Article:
Friday, October 19, 2012
Joan Williams (Hastings) and Katherine Ullman write in Psychology Today about how Mitt Romney's "binders of women" concept represents a pernicious but often overlooked form of sex discrimination. Here's an excerpt:
What Romney did the other night was a very public example of "The Stolen Idea," a phenomenon women regularly face at work. Here's how it usually happens on the ground: A woman mentions a potential solution to a problem in a meeting, perhaps timidly so as not to seem overly aggressive, and her idea is largely ignored. Minutes later, a male colleague pipes up and slightly rephrases the woman's idea to the group; the group is impressed with the idea, and agrees to implement it. The man is commended for his problem-solving skills and creativity.
... Mitt Romney took credit for the hard work of MassGAP—a bi-partisan coalition committed to increasing the number of women leaders within the Massachusetts government—which is the group actually responsible for the infamous "binders." According to a study the group co-authored with the University of Massachusetts' Center for Women in Politics & Public Policy, 42 percent percent of the new gubernatorial appointments made by Governor Romney between 2002 and 2004 were women. This was not because Governor Romney looked around and asked, "Where are the women?" This was because an organization dedicated to women's advancement took an active role in recruiting qualified women candidates prior to and following the results of the 2002 gubernatorial election.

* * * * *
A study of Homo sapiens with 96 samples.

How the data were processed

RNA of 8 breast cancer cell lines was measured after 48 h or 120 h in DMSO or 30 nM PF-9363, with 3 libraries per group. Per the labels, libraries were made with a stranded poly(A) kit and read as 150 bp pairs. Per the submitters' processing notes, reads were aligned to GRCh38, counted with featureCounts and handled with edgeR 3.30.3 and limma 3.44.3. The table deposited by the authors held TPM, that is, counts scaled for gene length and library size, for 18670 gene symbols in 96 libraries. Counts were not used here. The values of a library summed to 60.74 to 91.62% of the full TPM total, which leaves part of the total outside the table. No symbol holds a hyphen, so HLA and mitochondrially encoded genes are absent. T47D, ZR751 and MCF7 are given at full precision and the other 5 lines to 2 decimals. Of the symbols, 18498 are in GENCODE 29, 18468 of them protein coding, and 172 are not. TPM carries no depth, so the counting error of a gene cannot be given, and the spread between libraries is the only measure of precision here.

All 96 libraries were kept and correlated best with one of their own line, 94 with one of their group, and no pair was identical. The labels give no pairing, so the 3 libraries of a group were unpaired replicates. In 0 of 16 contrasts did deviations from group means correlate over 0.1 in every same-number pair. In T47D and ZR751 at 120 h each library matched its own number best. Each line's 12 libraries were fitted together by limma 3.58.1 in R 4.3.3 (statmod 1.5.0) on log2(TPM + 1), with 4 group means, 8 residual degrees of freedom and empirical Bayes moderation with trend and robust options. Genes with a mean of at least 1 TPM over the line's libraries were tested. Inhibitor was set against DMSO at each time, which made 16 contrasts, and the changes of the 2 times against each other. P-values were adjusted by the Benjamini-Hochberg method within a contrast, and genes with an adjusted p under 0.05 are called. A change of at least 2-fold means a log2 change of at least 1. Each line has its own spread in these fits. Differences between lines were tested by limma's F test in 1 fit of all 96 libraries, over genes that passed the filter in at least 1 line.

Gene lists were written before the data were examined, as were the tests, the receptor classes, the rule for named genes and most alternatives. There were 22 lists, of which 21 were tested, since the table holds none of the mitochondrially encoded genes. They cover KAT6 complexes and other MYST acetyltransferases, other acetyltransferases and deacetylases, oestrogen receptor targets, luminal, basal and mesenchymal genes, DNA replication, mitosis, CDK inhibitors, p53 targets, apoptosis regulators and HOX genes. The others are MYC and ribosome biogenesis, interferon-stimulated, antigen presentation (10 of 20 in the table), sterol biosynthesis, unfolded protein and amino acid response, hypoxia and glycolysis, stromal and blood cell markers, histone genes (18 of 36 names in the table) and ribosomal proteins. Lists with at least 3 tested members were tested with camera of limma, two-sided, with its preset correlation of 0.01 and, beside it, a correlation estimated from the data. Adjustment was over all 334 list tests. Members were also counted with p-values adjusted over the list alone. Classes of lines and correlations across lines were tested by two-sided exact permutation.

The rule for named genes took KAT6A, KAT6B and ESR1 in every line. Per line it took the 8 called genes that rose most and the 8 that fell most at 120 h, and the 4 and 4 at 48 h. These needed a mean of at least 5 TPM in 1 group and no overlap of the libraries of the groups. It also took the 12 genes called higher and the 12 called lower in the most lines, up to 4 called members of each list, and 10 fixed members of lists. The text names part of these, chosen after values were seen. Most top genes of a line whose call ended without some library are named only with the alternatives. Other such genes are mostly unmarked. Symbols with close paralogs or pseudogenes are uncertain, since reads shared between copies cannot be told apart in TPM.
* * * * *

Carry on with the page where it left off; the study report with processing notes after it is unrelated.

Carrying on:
Despite MassGAP's successes in the first years of the Romney administration, the percentage of new female appointees later fell to about 25 percent; Romney ended his tenure as governor with fewer women in senior-level positions than when he started. Of this, the report co-authored by MassGAP advised, "Continued efforts should be made to monitor administrations throughout the full course of a governor's term." This does not sound like a leader committed to appointing binders upon binders of women.